Learn more about building an HH-65 Dolphin in the February 2010 issue of FSM.
In the 1980s, the United States Coast Guard began replacing its Sikorsky HH-52 Seaguard helicopters with the Aérospatiale (now American Eurocopter) HH-65A Dolphin (which derives its nickname from the French design’s original moniker, Dauphin). Since the first of the short-range recovery helicopters was delivered in 1985, Dolphins have logged more than a million hours of Coast Guard service.

The HH-65 cannot land on water and is normally stationed ashore, but it also operates from medium- and high-endurance Coast Guard cutters on missions of search and rescue, law enforcement and drug interdiction, environmental protection, and homeland security, in addition to serving as scouts for the ships on which they are stationed. On icebreakers, they serve as the ship’s eyes to find thinner, more-navigable ice channels.

The HH-65 is a powerful tool in the hands of a talented Coast Guard crew. Its unique, powerful computerized flight management system provides totally automatic flight control in darkness and stormy weather, enabling the helicopter to hover in stable flight 50 feet above a selected object. Search patterns can be flown on autopilot, allowing the crew to spend less time flying and more time looking during search-and-rescue missions.

In 2005, the U.S. Navy christened Sea Fighter (FSF 1), a “Littoral Surface Craft-Experimental,” commonly referred to as the “X-Craft.” The 262-foot, high-speed aluminum catamaran can make 50 knots and land helicopters and recover water craft at “Sea State 5” (waves of 2.5-4m, or 8-13'). The term littoral (meaning coastal) describes the ship’s ability to navigate close to land in waters as shallow as 12' – a boon to operations in undeveloped areas where a lack of harbors and shipping channels keep other warships farther off shore.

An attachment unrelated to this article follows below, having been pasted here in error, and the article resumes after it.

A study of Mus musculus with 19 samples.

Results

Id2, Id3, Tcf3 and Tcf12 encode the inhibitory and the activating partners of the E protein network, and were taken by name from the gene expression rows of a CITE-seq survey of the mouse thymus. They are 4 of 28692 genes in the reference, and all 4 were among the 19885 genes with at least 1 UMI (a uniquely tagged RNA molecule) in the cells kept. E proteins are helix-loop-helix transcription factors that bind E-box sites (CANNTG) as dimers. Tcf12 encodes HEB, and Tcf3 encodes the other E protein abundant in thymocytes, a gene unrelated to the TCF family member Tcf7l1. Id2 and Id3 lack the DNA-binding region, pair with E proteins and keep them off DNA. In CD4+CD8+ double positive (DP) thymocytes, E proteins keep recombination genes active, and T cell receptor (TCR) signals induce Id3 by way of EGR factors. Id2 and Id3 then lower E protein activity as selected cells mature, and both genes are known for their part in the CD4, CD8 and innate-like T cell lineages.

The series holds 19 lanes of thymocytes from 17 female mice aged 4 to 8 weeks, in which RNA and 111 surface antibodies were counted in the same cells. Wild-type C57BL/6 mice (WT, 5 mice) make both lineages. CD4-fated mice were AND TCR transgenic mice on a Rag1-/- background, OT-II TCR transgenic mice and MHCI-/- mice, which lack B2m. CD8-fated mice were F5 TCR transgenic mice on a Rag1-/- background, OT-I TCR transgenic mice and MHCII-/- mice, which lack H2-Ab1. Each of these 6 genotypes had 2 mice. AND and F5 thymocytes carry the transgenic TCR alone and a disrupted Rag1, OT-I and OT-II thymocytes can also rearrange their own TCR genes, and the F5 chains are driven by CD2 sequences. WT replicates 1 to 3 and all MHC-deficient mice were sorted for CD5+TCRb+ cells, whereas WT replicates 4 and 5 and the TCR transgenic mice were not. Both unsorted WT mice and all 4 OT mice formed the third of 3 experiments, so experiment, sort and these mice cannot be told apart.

Manned by a 26-person crew comprising both Navy and Coast Guard sailors, Sea Fighter provides special capabilities in battle-force protection, mine countermeasures, anti-submarine warfare, amphibious assault support, and humanitarian aide. Initially, it will be used as a test bed for hydrodynamic experimentation with hull, mechanical, and electrical (HME) concepts for the Navy’s new line of littoral ships.

In 2005, I worked at L-3 Communications in San Diego, where the X-Craft was designed, and witnessed its christening at Nichols Shipyard on Whidbey Island, near Seattle. On my first cruise, I was amazed by how smoothly it moved at 60 miles an hour in heavy seas. The ship has computerized underwater control systems that keep it stable in rough water, and it can recover two Dolphins in truly nasty weather.

Our engineers also designed a smaller version of Sea Fighter that would carry just one HH-65 onboard. When L3 commissioned a 3' long model of the prototype (about 1/48 scale) to use as a sales tool for the new proposal, I was asked if I could build a Dolphin that would look good on the flight deck. As a matter of fact, I told my bosses, I just happened to have just the thing – Trumpeter’s 1/48 scale kit (No. 02801).

Cool! I was going to get paid to do my hobby! Then they gave me two weeks to do the build – and that made it a filling, sanding, and masking marathon. But I added the details it needed – a lot to cram into such a short time – and it looked great sitting on the deck of the ship model. However, I think it will be awhile before I build another helicopter.